A research project called DoppleSleep can tell how well you’re sleeping without getting in the way.

Keeping tabs on your sleep patterns can help point out health problems.

Radar, often thought of as a tool for tracking missiles and speeding cars, may also be handy as a noninvasive way to monitor sleep.

DoppleSleep uses a radar module to track sleeping habits.

Researchers at Cornell University, the University of Washington, and Michigan State University recently conducted a study in which they used an off-the-shelf radar device to track body movements and heart and breathing rates, sending the data via Bluetooth to a smartphone app to figure out when and how well people are sleeping.

The researchers tested their technology, dubbed DoppleSleep, against EEG and other sleep-logging sensors. They found that it could tell if someone was sleeping or awake nearly 90 percent of the time and judge whether the person was in the deeper REM stage of sleep or non-REM sleep about 80 percent of the time. A paper on the work will be presented in September at the ubiquitous-computing conference UbiComp in Japan.

Beyond its potential for helping healthy people figure out how well (or poorly) they’re sleeping at night, sleep tracking can be used to help signal problems such as sleep disorders. But as with many types of physiological signal tracking, doing it accurately tends to require sensors secured to just the right spots on the body; if you spent the night being studied in a sleep lab, for instance, you’d have a bunch of sensors and electrodes stuck to you to measure things like your brain-wave activity.

While a number of consumer sleep-tracking products are much less invasive, they can still be annoying, requiring you wear a wristband, which may not be very accurate, or place a pad below the mattress and perhaps a sensor by the bed.

Tanzeem Choudhury, an associate professor of information science at Cornell University and a coauthor of the paper, says a big motivation for conducting the work was to determine whether it was possible to get a good measure of sleep without requiring a device that makes contact with the body or the bed.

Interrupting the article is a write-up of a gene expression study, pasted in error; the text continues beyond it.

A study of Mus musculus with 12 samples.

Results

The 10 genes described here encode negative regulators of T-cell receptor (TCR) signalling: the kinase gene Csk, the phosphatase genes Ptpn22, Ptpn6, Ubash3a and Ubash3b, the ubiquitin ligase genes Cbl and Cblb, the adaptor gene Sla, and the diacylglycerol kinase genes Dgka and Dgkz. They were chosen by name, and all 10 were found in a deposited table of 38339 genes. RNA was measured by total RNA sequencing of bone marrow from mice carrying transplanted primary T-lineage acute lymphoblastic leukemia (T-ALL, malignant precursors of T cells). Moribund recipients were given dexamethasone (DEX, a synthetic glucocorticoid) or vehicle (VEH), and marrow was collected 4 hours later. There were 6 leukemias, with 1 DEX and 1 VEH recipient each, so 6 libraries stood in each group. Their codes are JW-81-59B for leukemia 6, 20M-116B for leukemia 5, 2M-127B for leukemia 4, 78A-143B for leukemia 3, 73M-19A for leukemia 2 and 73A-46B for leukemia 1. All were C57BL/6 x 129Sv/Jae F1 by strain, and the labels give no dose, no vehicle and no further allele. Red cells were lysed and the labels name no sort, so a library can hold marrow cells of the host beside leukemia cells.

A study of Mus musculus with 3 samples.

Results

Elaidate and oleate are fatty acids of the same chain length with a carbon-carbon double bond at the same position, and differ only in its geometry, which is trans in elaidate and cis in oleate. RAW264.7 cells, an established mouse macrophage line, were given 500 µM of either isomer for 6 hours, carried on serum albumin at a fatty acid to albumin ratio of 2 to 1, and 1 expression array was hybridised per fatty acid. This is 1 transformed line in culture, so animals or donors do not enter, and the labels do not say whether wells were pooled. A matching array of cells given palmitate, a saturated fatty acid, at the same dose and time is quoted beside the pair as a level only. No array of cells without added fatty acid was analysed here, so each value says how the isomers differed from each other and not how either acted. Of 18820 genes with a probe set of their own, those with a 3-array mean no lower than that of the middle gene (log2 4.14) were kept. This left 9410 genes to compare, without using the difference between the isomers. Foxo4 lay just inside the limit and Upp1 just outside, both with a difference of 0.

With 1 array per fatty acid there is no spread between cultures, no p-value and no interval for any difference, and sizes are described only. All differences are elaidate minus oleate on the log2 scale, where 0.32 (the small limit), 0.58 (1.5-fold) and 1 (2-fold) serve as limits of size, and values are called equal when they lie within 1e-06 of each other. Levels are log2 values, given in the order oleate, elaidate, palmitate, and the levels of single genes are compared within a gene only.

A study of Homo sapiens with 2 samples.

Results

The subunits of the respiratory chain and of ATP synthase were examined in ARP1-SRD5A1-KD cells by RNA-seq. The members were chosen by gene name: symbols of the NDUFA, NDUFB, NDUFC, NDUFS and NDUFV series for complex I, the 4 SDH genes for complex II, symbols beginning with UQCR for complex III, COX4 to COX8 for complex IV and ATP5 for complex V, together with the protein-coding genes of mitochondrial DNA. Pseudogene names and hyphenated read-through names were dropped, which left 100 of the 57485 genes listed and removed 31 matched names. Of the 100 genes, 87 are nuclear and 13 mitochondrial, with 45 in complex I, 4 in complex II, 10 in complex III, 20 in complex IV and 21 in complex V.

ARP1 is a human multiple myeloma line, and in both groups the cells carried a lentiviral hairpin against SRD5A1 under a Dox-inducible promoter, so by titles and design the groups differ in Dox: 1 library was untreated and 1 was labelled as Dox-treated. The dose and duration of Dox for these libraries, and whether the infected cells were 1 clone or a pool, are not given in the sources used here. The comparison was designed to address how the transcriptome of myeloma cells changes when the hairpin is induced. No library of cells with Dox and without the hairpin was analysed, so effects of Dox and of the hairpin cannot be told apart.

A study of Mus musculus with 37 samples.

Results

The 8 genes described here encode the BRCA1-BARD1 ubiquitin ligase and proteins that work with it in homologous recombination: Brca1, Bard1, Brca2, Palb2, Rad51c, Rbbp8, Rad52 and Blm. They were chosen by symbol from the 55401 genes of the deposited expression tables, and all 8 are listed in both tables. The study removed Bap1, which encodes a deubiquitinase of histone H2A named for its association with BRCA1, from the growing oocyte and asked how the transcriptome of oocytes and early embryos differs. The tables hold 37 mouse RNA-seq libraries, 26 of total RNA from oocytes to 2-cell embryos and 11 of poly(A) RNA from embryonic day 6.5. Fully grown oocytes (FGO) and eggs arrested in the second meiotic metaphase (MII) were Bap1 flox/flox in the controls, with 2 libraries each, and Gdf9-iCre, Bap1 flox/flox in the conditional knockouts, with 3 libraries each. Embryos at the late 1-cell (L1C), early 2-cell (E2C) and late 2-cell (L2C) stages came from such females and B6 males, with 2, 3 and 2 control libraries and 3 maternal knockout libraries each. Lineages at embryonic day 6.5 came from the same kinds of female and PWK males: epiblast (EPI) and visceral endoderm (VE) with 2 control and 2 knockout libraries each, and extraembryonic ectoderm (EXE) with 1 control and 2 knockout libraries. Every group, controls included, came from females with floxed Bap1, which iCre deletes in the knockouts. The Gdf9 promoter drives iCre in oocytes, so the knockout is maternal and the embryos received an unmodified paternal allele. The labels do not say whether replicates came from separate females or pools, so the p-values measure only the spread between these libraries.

From what the group has seen so far, she says, “I definitely think you can.”

DoppleSleep operates on the same principle as the radar cops use to catch speeding drivers: its transceiver tracks the phase changes in electromagnetic waves that reflect off the sleeping person, but in this case the information is used to monitor their movements. This data is sent to a smartphone app that uses algorithms to estimate heart and breathing rates, detect changes in position, and determine which of the two main types of sleep a person is experiencing.

The system can also track things like how long it takes you to fall asleep, how long you sleep overall, and how many times you wake up.

Researchers tested DoppleSleep with eight study participants, each of them placing it a couple of feet from their bodies during two sleep sessions. To get a sense of how the system compared with other technology that the researchers considered accurate at tracking sleep, participants wore a biometric-tracking shirt, a sleep-tracking headband, and a wristband.

Choudhury can imagine turning DoppleSleep into a commercial product eventually, though she says it needs more validation in the lab first. The researchers are working on that: Choudhury says they’re planning to use DoppleSleep in some work with a sleep clinic.

One big question remaining is how DoppleSleep will work with multiple people sleeping in the same room. The researchers haven’t yet tested whether they can use the system to monitor more than one person, but Choudhury thinks that could work if they can determine how to place the technology to avoid interference.